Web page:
We're Doing Great, But We Can Do Better
Keep the Pot Boiling!
As the 21st century gets under way, there's a lot to be said about the benefits of being alive at this juncture in history, especially here in the good old U.S.A.
While most of us are far from wealthy, we are, as a whole, enjoying a standard of living that previous generations could only envy.
We have things -- lots of things. Sleek air-conditioned automobiles, designer clothes, television, telephones with answering machines and even, for some of us, a home computer hooked up to the Internet.
We Have Lots of 'Little' Things
More importantly, we have lots of little things -- convenient things that make life a little easier for us; things like electric shavers, automatic dishwashers and -- something our ancestors could not have imagined -- indoor plumbing and facial and toilet tissues. We also have giant shopping centers where we can buy just about anything we'd like -- not to mention, for most of us, access to quality medical care.
More often than not we have a fairly decent job, work 40 hours a week or less, and enjoy time off from work for holidays and vacations. We have checking accounts, stock portfolios, insurance coverage and, when the time comes, retirement accounts, Social Security and a proper burial.
There's a wide range of easy-to-get-to entertainment available to us, whether it's a movie at a local theater or a trip to see Mickey Mouse at Disney Land or Disney World. We can take a drive to Long Island or the New Jersey shore, hop a train to Washington, D.C., to see the Lincoln Memorial or pack our bathing suits and jet to Hawaii, the Virgin Islands or Buenos Aires.
We're Living 'The Life of Riley'
There's no question about it: We've got it made! We're living the "Life of Riley!" Right?
We are certainly enjoying the prosperity that "things" offer us, but, as I remember the "Life of Riley" -- on radio, and, later, on television -- Riley, his wife, Peg, son, Junior, and daughter, Babs, lived in a world far different from the one we live in today.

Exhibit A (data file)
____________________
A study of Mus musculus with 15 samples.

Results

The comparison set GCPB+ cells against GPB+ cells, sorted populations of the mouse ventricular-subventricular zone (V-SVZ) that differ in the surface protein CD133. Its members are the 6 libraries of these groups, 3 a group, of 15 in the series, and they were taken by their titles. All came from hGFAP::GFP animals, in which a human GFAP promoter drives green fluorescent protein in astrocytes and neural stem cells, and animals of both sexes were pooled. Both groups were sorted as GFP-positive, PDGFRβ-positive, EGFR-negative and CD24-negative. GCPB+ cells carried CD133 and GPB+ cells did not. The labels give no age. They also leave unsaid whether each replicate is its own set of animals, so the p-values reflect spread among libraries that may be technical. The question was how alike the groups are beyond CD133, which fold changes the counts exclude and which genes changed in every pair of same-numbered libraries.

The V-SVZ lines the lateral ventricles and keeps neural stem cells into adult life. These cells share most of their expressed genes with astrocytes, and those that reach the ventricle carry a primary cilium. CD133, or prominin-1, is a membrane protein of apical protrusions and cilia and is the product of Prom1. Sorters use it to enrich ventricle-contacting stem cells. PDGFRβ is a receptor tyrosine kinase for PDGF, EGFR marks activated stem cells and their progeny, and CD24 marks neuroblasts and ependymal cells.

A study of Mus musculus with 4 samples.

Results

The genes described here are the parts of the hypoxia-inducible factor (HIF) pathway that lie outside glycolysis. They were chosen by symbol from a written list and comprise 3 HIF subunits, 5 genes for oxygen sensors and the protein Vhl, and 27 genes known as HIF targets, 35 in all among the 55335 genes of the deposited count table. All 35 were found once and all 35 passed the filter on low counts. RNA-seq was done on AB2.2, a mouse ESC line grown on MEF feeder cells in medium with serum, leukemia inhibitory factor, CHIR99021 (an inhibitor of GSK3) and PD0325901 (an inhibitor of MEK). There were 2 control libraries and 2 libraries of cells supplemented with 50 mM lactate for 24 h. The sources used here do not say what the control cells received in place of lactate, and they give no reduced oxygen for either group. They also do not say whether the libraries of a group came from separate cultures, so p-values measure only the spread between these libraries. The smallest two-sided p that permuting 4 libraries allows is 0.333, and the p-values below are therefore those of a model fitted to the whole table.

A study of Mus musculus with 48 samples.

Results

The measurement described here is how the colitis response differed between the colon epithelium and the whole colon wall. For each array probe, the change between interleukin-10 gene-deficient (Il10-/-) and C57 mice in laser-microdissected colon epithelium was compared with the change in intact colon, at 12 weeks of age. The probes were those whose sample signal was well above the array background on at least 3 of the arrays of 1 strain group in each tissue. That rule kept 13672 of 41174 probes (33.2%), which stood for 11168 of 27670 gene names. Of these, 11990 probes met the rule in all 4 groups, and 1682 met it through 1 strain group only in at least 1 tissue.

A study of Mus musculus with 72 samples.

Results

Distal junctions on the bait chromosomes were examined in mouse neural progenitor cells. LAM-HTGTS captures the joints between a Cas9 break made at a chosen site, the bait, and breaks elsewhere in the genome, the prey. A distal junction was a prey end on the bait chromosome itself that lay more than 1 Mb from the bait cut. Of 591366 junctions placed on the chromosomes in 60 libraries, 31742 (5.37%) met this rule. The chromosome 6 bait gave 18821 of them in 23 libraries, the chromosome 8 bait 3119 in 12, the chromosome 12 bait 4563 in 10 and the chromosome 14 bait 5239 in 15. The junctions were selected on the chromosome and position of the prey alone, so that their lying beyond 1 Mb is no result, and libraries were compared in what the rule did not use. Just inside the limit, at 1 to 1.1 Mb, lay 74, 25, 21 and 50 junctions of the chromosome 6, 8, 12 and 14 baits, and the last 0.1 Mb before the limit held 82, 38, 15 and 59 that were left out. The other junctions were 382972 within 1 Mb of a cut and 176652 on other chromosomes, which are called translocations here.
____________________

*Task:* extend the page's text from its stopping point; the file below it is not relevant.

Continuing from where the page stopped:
I, for one, think Riley's world was better.
Things were a little less important in those days.
Families, friends and neighbors were closer. They cared more about one another. They worried less about who had the bigger car, the more impressive job, the more luxurious home or the greater influence.
Most people I knew back then believed it to be important to try to live a moral, decent life, despite the fact that we often failed to achieve our lofty goals.
Ethical and Moral Decline?
It isn't so much that entertainment today has become a steady stream of silly, mindless, sexual farce, or that people, in general, seem to hold little reverence for anything that doesn't offer quick and direct benefits; no, what I find most disconcerting is that so few decry the obvious decline in the ethics and morals we see reflected daily in newspapers, on television and even with friends and neighbors.
Where is the indignation? Where is the cry for something better?
Can we really savor the good fortune of a thriving economy while the disparity between rich and poor grows in leaps and bounds? While thousands are homeless? While large numbers of the world's children go hungry every day?
We can do better.
I wrote this column as a "My View" for The Hour newspaper of Norwalk, Conn., on March 9, 2000. I now write my views on a wide variety of topics on HubPages.